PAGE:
In a sign that NASA is taking the hint from the Trump administration concerning its desire to return to the moon with commercial partnerships, the space agency has issued a Request For Information from the commercial space sector regarding the participation in private uncrewed lunar expeditions. NASA would like to assess flight opportunities on such commercial probes as early as the 2018 fiscal year and stretching to the next decade. The deadline for responses is 30 days from May 1.

Ever since President Obama canceled the Bush-era Constellation program that would have returned Americans to the moon, NASA has eschewed authorizing any more uncrewed probes to the moon.

But, starting last year with the rise of a nascent commercial lunar industry, the space agency has begun to regain interest in Earth’s Nearest Neighbor again. Partnering with commercial expeditions to the moon by adding instruments and other payloads is a cheap way to jump start the exploration of the moon.

The Trump administration’s interest in a return to the moon has motivated NASA to refocus attention on lunar exploration. The Google Lunar XPrize, which could see the first private lunar expedition launched before the end of the year, has risen awareness of the possibilities of the moon as well. Companies like Moon Express and Astrobotic are interested in starting lunar transportation and mining businesses.

Blue Origin, Jeff Bezos’ space company, is also interested in landing payloads on the lunar surface in partnership with NASA.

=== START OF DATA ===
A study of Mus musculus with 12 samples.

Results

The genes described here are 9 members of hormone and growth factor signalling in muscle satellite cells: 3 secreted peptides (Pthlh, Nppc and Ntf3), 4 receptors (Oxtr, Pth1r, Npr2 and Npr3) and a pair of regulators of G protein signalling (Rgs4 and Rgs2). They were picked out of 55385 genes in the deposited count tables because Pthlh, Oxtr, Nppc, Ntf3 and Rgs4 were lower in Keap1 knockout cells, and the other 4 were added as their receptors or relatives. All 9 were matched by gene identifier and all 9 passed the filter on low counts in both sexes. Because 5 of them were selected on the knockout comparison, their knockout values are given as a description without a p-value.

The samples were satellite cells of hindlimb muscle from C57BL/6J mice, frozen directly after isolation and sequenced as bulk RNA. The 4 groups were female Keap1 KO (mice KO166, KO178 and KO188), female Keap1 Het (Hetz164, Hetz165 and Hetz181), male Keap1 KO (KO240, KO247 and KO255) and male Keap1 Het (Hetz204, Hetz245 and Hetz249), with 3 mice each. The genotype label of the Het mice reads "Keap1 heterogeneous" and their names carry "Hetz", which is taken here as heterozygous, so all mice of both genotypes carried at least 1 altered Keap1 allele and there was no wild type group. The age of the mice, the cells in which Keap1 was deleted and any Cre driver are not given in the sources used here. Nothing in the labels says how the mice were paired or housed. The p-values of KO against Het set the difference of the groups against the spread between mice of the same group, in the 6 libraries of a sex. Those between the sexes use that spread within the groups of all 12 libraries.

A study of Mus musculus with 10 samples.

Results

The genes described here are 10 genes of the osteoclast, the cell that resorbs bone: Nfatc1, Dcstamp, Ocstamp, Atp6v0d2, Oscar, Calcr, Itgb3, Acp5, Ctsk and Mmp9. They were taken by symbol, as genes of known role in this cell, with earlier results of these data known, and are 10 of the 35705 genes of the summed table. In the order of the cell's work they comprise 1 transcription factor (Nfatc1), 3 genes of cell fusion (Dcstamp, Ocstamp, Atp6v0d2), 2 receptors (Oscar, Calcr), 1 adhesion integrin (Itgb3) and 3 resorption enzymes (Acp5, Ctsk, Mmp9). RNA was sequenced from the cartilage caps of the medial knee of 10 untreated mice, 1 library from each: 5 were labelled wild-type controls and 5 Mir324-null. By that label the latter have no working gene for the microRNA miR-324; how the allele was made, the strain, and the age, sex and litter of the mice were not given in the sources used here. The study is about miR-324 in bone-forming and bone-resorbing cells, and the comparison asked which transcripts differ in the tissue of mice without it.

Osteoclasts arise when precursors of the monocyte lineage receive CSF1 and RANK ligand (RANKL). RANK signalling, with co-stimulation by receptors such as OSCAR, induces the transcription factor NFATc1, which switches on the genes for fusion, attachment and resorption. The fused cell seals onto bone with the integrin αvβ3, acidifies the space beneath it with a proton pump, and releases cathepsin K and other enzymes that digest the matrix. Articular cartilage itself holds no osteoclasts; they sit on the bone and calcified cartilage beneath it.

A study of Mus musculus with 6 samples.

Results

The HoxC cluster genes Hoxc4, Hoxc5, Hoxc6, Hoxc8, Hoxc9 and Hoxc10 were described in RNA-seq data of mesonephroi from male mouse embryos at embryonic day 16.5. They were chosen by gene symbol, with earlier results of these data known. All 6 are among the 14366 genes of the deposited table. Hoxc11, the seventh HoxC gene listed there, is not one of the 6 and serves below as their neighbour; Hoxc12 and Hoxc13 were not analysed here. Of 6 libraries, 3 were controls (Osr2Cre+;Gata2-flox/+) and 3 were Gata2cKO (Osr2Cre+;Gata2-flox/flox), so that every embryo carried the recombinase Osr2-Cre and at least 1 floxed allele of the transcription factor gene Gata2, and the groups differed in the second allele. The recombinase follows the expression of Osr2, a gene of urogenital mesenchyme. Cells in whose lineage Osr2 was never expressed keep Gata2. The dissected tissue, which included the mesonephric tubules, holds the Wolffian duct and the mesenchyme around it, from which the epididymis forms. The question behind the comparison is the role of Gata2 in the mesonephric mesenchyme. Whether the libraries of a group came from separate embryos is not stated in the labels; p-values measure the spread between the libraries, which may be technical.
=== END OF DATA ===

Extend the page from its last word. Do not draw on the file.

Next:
The space agency is interested in missions that “could help characterize the internal structure of the moon, characterize ancient impact basins, in addition to demonstrating key technologies necessary to establish sustainable exploration.” Those critical technologies would consist of prospecting and extracting lunar resources, such as ice that is known to reside in the shadowed portions of craters on the lunar poles.

Such resources would be used to sustain future lunar settlers, enable the exploration of the solar system, and feed space-based industries.

What the future shape of lunar exploration will be remains a work in progress. The Trump administration requested and got a study from NASA for a possible mission around the moon with a crew on board the first Orion spacecraft to be launched on a heavy lift Space Launch System, now scheduled for early 2019.

An initial landing on the moon with astronauts could happen before the end of President Trump’s second term. Such an event would serve as a capstone for the Trump presidency and as a legacy similar to that of President John F. Kennedy, who sent America to the moon the first time in the 1960s.